Number of children dying higher than when the country was under sanctions.
Child mortality in Iraq has spiralled because of the tense security situation, deteriorating health services and lack of medical supplies, say experts.
According to a report released in May 2007 by aid agency Save the Children, “Iraq’s child mortality rate has increased by a staggering 150 per cent since 1990, more than any other country.”
The report, entitled State of the World’s Mothers 2007, said that some 122,000 Iraqi children – the equivalent of one in eight – died in 2005, before reaching their fifth birthday. More than half of the deaths were among newborn babies in their first month of life.
“Even before the latest war, Iraqi mothers and children were facing a grave humanitarian crisis caused by years of repression, conflict and external sanctions,” said the report.
“Since 2003, electricity shortages, insufficient clean water, deteriorating health services and soaring inflation have worsened already difficult living conditions.”
The study listed pneumonia and diarrhea as major killers of children in Iraq, together accounting for over 30 per cent of child deaths.
“Conservative estimates place increases in infant mortality following the 2003 invasion of Iraq at 37 per cent,” it said.
In the capital of Baghdad, there are four paediatric hospitals and three gynaecological hospitals, as well as individual children’s wards in other medical institutions.
The city’s central paediatric hospital is in the capital’s Islam neighbourhood – a volatile area which is hard for families and medical staff to reach.
The hospitals fall short in providing quality care because they do not have enough medical supplies or staff – who, in many cases, have fled to other countries.
Experts draw parallels between the dire state of Iraq’s health care system today and the way it was when the country was under sanctions during the 1990s, when there was a similar limited supply of drugs and other medical resources.
The UN Security Council imposed economic sanctions against Iraq in 1990, following the Iraqi invasion of Kuwait and these continued until 2003.
In 2000, the UN children’s agency UNICEF published a survey which showed the mortality rate among Iraqi children under five had more than doubled in the government-controlled south and centre of Iraq during the sanctions.
At the time, Anupama Rao Singh, a senior UNICEF official, said in an interview with Reuters that around half a million children under the age of five had died in Iraq since the international embargo was imposed.
“In absolute terms, we estimate that perhaps about half a million children under five years of age have died, who ordinarily would not have died had the decline in mortality that was prevalent over the 70s and the 80s continued through the 90s,” she said.
Mohammed Zahraw, a paediatrician with the ministry of health’s inspector-general’s office, said that similar threats to children’s health exist today – and that these are compounded by the lack of security which now prevails in Iraq.
“In the past [infant deaths] were caused by the economic sanctions and the lack of medicine and medical supplies. The same problem exists now, in addition to the deteriorating security situation. This is particularly true in Baghdad, where it’s difficult to access hospitals,” he said.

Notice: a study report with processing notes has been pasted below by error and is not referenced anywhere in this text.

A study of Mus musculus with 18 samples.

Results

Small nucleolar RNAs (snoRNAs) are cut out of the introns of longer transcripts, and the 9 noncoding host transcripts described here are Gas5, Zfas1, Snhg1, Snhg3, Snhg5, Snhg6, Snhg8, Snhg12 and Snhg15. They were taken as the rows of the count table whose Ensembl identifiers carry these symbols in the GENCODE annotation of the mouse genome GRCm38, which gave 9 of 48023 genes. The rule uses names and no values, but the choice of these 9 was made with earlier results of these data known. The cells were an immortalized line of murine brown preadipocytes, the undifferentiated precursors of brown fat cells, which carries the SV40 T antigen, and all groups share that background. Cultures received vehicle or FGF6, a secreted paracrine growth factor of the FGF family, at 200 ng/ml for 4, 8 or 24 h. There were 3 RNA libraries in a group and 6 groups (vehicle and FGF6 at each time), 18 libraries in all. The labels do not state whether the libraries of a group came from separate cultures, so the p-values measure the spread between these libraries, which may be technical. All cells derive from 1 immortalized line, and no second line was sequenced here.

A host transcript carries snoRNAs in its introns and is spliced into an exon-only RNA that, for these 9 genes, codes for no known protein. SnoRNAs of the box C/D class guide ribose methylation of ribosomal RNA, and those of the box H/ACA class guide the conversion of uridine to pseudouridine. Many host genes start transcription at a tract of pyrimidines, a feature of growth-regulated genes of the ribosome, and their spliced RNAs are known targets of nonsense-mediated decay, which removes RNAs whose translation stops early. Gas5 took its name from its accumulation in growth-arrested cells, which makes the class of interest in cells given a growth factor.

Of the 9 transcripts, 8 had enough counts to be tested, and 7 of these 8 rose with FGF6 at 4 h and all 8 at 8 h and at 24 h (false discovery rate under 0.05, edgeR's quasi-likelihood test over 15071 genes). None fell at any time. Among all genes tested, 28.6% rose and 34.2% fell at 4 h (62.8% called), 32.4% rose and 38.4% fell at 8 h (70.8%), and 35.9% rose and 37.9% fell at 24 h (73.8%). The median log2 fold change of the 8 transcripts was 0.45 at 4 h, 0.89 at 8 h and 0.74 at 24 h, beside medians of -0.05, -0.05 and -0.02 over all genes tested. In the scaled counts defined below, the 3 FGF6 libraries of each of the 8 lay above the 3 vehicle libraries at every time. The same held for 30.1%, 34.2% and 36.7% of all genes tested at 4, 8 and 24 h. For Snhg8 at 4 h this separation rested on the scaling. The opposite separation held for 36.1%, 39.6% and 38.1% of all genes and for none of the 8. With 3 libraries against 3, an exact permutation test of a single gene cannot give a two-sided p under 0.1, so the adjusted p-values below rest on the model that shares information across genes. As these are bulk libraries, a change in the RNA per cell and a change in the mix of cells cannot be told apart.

Fahima Salman, the head of the inspector-general’s monitoring force, said the primary reason for high infant mortality in Iraq is a lack of drugs and medical supplies.
The inspector-general’s office at the health ministry is tasked with inspecting hospitals and reports back to the ministry on the sanitation, performances and needs of health facilities.
Salman said that poor security and a lack of transport meant that it was hard to transfer drugs and supplies to hospitals and clinics. This means that families of patients usually buy basic medicine, such as antibiotics and hydrocortisone, on the black market and bring the medicine to the hospital or clinic.
“We, as the inspector general’s office, visit health facilities to determine the level of shortages and note the difficulties,” said Salman. “We try to provide what we can…but we still face major challenges.”
Sometimes, drug deliveries fail to reach the ministry of health’s warehouses, and go missing en route.
Amal Abdul-Amir, a paediatrician at the Yarmook Teaching Hospital in Baghdad’s Karkh area, said that infants were also dying because paediatricians and gynaecologists had fled the country in droves, resulting in a lack of skilled staff.
“People are turning to midwives who do not necessarily have experience with births or emergency cases,” she explained. “This is causing the number of infant mortalities to rise.”
In hospitals throughout the country, it is not uncommon to hear the wails of grieving mothers, such as 30-year-old Zaineb Mohammed, whose two-month-old baby died after she failed to get him to hospital in time.
She told IWPR that en route to the hospital in the impoverished Baghdad suburb of Sadr City, her family was repeatedly stopped at roadblocks and checkpoints erected to combat security problems there.
The delays caused the child’s condition to worsen and when they finally arrived there weren’t paediatric specialists to treat her.
Mohammed has vowed not to have another child. “I don’t think that I can bear to lose another baby to the poor health and public services in Iraq,” she said.
Hind al-Safar is an IWPR contributor in Baghdad.